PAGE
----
Arab-Jewish violence goes local


NEW YORK, Oct. 4 (JTA) – It is not unprecedented for violence in the Middle East to spill over to America in the form of clashes between Jews and Arabs.

But this week, in the wake of a series of attacks targeting Jews in the New York area, local Jewish and Arab leaders are taking unprecedented steps to ease the tension.

New York Mayor Rudy Giuliani convened Arab and Jewish leaders Wednesday, warning that the city would tolerate neither hate attacks nor “group blame,” in which one community is collectively stereotyped or scapegoated by another.

At the same time, the two groups pledged to issue a joint “statement of unity” in which they pledge to work together to inform their communities and soothe tensions.

“Never before have we sat together to minimize the potential for illegal activity connected with the situation in the Middle East,” said Michael Miller, executive vice president of the Jewish Community Relations Council of New York, an umbrella organizations of 60 Jewish groups.

At least 10 attacks have been reported against Jews in Brooklyn this week, according to police officials.

But while some of the incidents appear to be related to the Israeli- Palestinian violence gripping the Middle East, city and police officials emphasized that no incident has been confirmed as a hate crime.

“It’s absolutely necessary to clarify information, dispel rumors and get more accurate information out to the people,” said Lt. David Nagel, a liaison between the New York City Police Department and the Jewish community.

Jewish leaders agreed, and were cautious not to either exaggerate or downplay the current climate.

“Jews in New York are not under siege,” Miller said.

Nevertheless, police patrols around synagogues will be stepped up in advance of Yom Kippur, which begins Sunday evening.

And on Wednesday, the New York JCRC and the Anti-Defamation League issued separate advisories urging vigilance and special security precautions as the Yom Kippur holiday approached.

The most serious incident reported by mid-week involved a 50-year-old Orthodox man who was insulted then stabbed on Sunday, the second day of Rosh Hashanah, reportedly by a Palestinian American, as he left synagogue with his son.

A second reported incident is more dubious, officials say. A Jewish man claims he was roughed up Monday in the subway by three men holding a Palestinian flag. However, there were apparently no witnesses.

Nationwide, there appeared to be no incidents of violence, though there have been a number of fiery anti-Israel demonstrations this week, coupled with the occasional anti-Semitic epithet.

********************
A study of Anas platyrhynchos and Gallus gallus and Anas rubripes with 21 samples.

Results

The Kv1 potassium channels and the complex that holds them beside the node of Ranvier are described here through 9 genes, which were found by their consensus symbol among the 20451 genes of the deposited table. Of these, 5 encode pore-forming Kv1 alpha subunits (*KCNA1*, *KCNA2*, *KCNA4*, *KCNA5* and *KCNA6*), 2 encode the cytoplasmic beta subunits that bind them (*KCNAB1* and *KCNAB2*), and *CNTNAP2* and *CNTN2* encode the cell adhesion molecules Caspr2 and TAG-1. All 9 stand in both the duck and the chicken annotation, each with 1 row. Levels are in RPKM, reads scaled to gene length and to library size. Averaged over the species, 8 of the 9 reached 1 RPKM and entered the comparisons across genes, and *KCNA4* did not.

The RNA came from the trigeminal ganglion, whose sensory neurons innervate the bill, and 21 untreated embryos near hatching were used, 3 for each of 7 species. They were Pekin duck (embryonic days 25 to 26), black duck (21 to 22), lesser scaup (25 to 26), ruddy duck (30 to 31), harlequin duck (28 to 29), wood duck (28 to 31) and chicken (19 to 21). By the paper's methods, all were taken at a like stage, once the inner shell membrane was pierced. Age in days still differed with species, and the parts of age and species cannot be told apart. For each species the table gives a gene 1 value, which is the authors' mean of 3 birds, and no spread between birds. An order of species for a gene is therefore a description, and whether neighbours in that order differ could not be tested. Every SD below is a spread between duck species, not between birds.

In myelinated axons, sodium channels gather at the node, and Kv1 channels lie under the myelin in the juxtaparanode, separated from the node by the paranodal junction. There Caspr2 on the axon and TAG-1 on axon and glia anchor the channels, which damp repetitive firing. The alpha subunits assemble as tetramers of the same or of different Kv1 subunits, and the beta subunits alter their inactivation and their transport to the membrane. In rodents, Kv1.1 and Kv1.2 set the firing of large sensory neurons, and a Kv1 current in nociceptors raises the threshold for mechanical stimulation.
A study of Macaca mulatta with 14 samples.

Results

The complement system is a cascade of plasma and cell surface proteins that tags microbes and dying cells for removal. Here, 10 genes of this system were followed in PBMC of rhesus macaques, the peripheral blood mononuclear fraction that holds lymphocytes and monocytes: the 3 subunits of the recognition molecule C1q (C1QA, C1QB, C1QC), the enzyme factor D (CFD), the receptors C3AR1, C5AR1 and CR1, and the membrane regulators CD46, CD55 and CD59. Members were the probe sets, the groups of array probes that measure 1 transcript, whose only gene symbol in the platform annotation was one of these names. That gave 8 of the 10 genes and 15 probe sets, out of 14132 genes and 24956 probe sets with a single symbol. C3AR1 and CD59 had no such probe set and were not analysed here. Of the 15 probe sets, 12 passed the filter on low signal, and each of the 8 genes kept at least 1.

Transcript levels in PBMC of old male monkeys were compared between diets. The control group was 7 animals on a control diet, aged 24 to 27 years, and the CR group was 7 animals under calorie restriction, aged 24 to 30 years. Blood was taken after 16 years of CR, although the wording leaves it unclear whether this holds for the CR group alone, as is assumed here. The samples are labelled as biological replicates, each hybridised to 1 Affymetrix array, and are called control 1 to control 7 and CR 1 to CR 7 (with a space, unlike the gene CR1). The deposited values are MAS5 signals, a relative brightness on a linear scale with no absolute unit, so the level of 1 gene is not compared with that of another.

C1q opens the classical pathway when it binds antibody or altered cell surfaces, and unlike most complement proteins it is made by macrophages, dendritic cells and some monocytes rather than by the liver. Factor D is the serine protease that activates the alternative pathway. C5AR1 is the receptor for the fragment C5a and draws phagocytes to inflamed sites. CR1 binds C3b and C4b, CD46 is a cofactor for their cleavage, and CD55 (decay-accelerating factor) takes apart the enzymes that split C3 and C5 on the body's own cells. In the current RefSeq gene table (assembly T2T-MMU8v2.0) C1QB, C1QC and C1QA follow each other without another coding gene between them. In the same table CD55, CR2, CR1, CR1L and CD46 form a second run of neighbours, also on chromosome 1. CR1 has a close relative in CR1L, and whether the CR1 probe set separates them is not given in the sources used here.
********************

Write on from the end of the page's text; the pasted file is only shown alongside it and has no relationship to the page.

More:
Outside the Israeli Consulate in San Francisco, an Israeli flag was burned and trampled.

In South Paterson, N.J., another flag was set alight. At a Milwaukee protest, a curious onlooker who refused to accept a leaflet said he heard something about “Jew boys.”

In New York, meanwhile, cooperation between the Jewish and Arab communities will include Arab American leaders speaking to Jewish audiences, and vice-versa, according to Michael Nussbaum, co-president of the New York Metropolitan Region of the American Jewish Congress.

“Out of a negative came a positive,” Nussbaum said of the dialogue.

“No crime of hate can be tolerated. Any attack due to race or religion or ethnicity is an attack on the fundamental beliefs that all Americans cherish.”

If attacks do occur, Nussbaum said, “Arab leaders are very concerned that there should not be a blanket charge against the entire community.”

The need for intercommunal cooperation is clear, several leaders said.

While Jews live and work side by side with the burgeoning Arab, Christian and Muslim communities in many neighborhoods, and relations are mostly harmonious, “the proximity is so close and the interaction so regular, of course there are some on both sides who are untrusting,” said one Jewish official who did not want to be identified.

“There is justifiable concern that there might be some spillover from the tension in the Middle East onto the streets of New York.”

This is not unusual, the official said. Whenever there is a flare-up of violence between Israelis and Palestinians in the Middle East, New York experiences a surge in reportedly related attacks.

However, said the source, “some are true, some are not.”

One incident now cited as a cautionary tale occurred Monday, when a yeshiva student in a Brooklyn pizza parlor said he saw three Arab-looking youths laughing at him. He looked down, saw his hand bleeding and initially thought he’d been slashed. Later, he realized he’d cut it on an open soda can.

Nevertheless, a rumor swept through the tight-knit neighborhood that “a Jewish man had been stabbed by three Arabs” in the pizza parlor.

“Rumors take hold of the truth, and the truth suffers. The media ran ahead with the facts, though they are still under investigation,’ said Nussbaum.